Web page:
As catastrophic layoffs rattle the games industry, FPS legend John Romero says "I've never seen anything like we're seeing now"

(Image credit: Bethesda)

On the heels of 670 layoffs at EA, merely the latest publisher to add to a dizzying list of thousands of game developers put out of work in the past year – hell, in the past two months alone – FPS legend and veritable Doom man John Romero reckons this is an unprecedented dip for the games industry. 

"I've been in the game industry since I was a kid, and I've never seen anything like we're seeing now," Romero said in a tweet. "For many of us, being a game dev is not just a job, but an identity, community, and culture. I am so sorry to everyone who has lost their jobs."

In responses to other users, with one wondering if this layoff tsunami could lead to a video game crash comparable to the historic bottoming out of the 1980s, Romero acknowledges that "the industry was very small in 1983. It's not really comparable."

Asked "if you had to, do you think you could cut anyone from Id" back in the Doom days, Romero replied: "Each of us worked the jobs and hours of two people each (at least). We should have hired, if anything." 

As a bittersweet silver lining, Romero notes that "programming is a great transferable skill, and it is applicable to many industries, including games." 

There have been far too many layoffs in games for me to holistically list here, but to hit some of the biggest recent cuts: Microsoft shed nearly 2,000 people across Xbox, Activision Blizzard, and Zenimax (Bethesda); Riot laid off over 500 staff and shuttered its burgeoning indie publishing arm; Sony cut 900 people, including many at Naughty Dog and Insomniac, and closed PlayStation London entirely; and major engine maker Unity laid off a staggering 1,800 people, roughly 25% of its employees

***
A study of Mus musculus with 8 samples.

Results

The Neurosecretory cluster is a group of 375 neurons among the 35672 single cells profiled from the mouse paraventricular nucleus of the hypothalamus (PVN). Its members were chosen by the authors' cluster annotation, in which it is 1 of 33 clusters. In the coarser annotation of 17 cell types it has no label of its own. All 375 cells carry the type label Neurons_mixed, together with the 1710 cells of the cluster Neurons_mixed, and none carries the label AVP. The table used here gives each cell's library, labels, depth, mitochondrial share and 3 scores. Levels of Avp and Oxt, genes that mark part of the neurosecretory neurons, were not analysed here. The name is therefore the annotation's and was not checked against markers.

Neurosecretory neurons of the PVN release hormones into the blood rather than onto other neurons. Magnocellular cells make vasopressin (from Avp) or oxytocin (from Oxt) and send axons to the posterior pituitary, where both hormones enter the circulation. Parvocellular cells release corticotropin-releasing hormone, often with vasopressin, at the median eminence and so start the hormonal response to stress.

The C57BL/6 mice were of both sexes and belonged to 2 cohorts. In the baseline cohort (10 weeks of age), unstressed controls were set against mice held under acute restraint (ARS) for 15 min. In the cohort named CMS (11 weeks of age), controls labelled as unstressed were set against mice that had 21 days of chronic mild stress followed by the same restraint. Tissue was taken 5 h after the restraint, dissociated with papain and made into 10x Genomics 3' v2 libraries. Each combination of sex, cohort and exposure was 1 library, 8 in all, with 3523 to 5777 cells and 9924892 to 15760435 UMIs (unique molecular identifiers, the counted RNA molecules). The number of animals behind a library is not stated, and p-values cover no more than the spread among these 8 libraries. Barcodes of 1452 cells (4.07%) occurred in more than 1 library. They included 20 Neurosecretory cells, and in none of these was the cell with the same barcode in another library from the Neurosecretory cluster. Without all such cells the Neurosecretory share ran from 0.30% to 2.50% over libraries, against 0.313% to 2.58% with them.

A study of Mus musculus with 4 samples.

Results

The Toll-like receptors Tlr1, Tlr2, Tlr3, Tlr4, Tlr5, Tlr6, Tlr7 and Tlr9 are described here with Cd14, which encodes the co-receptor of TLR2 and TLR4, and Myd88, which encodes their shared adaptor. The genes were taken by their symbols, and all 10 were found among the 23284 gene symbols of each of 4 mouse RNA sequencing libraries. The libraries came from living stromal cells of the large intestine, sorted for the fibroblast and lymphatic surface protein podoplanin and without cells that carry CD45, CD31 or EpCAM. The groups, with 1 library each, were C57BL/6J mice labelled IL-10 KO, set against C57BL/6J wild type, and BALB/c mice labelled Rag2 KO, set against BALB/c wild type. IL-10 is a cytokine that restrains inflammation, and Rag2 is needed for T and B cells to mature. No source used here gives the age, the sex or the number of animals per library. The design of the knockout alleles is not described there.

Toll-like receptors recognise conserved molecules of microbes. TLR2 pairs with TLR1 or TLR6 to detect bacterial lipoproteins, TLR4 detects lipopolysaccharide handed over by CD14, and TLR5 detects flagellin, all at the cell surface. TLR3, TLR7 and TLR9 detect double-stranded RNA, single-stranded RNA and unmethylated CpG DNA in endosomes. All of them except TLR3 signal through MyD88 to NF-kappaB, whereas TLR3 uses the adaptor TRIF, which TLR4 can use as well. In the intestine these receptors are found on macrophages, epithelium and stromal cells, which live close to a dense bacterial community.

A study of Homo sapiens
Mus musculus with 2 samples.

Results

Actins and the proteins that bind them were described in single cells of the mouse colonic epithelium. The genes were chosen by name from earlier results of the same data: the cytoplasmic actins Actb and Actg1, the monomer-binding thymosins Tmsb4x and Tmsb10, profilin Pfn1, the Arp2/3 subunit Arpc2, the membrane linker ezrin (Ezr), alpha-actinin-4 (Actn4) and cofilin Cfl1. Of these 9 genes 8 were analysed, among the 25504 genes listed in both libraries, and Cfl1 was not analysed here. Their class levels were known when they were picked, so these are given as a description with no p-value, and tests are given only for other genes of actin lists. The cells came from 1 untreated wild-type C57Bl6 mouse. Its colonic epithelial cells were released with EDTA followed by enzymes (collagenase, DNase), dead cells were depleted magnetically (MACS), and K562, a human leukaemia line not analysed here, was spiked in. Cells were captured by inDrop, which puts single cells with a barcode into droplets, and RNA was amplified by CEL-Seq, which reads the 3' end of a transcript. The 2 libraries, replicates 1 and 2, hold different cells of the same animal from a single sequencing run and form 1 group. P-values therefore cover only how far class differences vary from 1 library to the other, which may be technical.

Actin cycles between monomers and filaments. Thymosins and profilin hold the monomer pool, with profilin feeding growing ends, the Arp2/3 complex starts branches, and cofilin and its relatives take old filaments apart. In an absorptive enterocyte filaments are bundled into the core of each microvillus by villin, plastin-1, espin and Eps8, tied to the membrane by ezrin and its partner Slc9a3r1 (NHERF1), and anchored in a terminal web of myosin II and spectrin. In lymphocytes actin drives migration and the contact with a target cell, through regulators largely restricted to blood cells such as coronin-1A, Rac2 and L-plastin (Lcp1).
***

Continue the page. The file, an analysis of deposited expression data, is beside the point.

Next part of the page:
As developers attempt to "survive 2024," analyst says the industry's "gotta get to GTA 6 and hope."

Austin Wood

Austin freelanced for the likes of PC Gamer, Eurogamer, IGN, Sports Illustrated, and more while finishing his journalism degree, and he's been with GamesRadar+ since 2019. They've yet to realize that his position as a senior writer is just a cover up for his career-spanning Destiny column, and he's kept the ruse going with a focus on news and the occasional feature, all while playing as many roguelikes as possible.